When epilepsy patients use marijuana their memory test results may not be accurate, researchers report.
Physicians attempting to assess cognitive deficits in patients with epilepsy who use marijuana are likely to get inaccurate results on intracarotid amobarbital testing (IAT).
The test is part of a pre-surgical work-up for surgical epilepsy treatment. It involves temporarily inactivating one cerebral hemisphere by the injection of sodium amobarbital to test memory in the other hemisphere.
Reporting at the American Epilepsy Society 69th Annual Meeting in Philadelphia, PA, Cornelia Dree, MD of the University of Colorado in Denver, CO, and colleagues looked at 58 patients who underwent IAT, of whom 16 patients said they used marijuana at least monthly. Of those, 12 patients reported they used it at least twice a week. During IAT five frequent users had poor memory bilaterally or on the healthy side of the brain.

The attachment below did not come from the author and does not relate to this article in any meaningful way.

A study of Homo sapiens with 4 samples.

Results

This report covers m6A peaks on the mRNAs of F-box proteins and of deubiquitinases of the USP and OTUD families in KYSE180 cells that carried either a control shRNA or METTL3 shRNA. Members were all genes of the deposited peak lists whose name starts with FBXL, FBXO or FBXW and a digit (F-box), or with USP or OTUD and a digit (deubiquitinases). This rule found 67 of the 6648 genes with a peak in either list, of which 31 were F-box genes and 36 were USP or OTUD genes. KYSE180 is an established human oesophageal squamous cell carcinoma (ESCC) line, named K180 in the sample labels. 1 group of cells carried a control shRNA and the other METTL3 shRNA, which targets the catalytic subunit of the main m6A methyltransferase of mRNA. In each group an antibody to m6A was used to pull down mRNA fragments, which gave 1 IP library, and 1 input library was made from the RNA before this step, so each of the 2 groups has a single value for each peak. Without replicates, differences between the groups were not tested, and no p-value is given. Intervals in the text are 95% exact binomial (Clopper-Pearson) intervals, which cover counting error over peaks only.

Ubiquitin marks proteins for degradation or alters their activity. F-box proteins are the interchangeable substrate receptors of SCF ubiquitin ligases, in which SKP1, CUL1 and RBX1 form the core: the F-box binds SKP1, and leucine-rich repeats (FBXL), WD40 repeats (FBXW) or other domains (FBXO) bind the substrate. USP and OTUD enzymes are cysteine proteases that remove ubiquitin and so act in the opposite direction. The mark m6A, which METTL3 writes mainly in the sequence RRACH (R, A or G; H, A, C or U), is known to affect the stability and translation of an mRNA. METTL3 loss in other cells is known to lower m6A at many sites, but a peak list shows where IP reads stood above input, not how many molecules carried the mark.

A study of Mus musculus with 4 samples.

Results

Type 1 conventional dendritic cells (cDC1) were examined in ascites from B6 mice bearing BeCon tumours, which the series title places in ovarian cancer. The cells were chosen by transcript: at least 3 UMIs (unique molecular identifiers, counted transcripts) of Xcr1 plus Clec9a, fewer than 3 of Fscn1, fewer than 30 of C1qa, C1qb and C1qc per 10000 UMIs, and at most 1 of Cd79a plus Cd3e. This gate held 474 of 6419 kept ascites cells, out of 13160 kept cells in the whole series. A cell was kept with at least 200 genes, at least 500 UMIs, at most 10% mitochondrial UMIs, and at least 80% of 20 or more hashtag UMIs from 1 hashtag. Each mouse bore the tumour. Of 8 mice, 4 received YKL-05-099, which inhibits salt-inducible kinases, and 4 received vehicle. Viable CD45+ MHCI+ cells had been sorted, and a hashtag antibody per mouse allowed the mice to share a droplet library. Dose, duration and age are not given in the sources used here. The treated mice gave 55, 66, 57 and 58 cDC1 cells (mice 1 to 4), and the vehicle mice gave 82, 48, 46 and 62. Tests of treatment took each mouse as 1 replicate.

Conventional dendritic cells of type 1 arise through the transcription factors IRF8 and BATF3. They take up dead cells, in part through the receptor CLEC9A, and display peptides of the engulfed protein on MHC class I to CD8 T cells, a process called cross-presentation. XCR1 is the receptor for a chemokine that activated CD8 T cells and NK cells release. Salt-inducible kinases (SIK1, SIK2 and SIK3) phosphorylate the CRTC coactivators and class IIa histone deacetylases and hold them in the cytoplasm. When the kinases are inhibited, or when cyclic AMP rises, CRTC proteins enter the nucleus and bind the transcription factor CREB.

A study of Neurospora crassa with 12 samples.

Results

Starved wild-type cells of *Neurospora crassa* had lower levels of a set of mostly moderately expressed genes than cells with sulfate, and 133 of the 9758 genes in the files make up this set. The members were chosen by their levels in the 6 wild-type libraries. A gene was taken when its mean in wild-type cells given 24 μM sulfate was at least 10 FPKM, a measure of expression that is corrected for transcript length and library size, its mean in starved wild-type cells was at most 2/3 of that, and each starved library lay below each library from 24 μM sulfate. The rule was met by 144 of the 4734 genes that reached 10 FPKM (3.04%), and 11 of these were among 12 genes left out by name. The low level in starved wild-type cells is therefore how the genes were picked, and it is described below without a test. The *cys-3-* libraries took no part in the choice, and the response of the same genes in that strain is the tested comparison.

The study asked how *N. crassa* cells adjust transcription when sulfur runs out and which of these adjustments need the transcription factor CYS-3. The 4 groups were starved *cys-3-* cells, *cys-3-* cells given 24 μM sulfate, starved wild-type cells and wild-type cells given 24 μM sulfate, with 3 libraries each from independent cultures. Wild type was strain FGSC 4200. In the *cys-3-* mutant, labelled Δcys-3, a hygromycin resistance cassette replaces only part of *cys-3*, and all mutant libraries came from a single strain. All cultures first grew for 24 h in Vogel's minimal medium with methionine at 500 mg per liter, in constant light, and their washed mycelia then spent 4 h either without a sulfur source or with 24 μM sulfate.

“Inadequate performance related to marijuana was suspected and led to repeat IAT in three patients after abstinence from marijuana for four weeks,” they wrote. The abstinence period restored sufficient memory function.
“The findings raised concerns that frequent marijuana use may alter IAT results leading to incorrect assessment regarding potential post-operative cognitive deficits,” they concluded. Accordingly, the team’s standard policy has been revised to include asking about marijuana use and telling patients to abstain for four weeks prior to the procedure.
The team said the research was triggered by concerns that marijuana products are becoming more readily available. Its recreational use is legal in Colorado.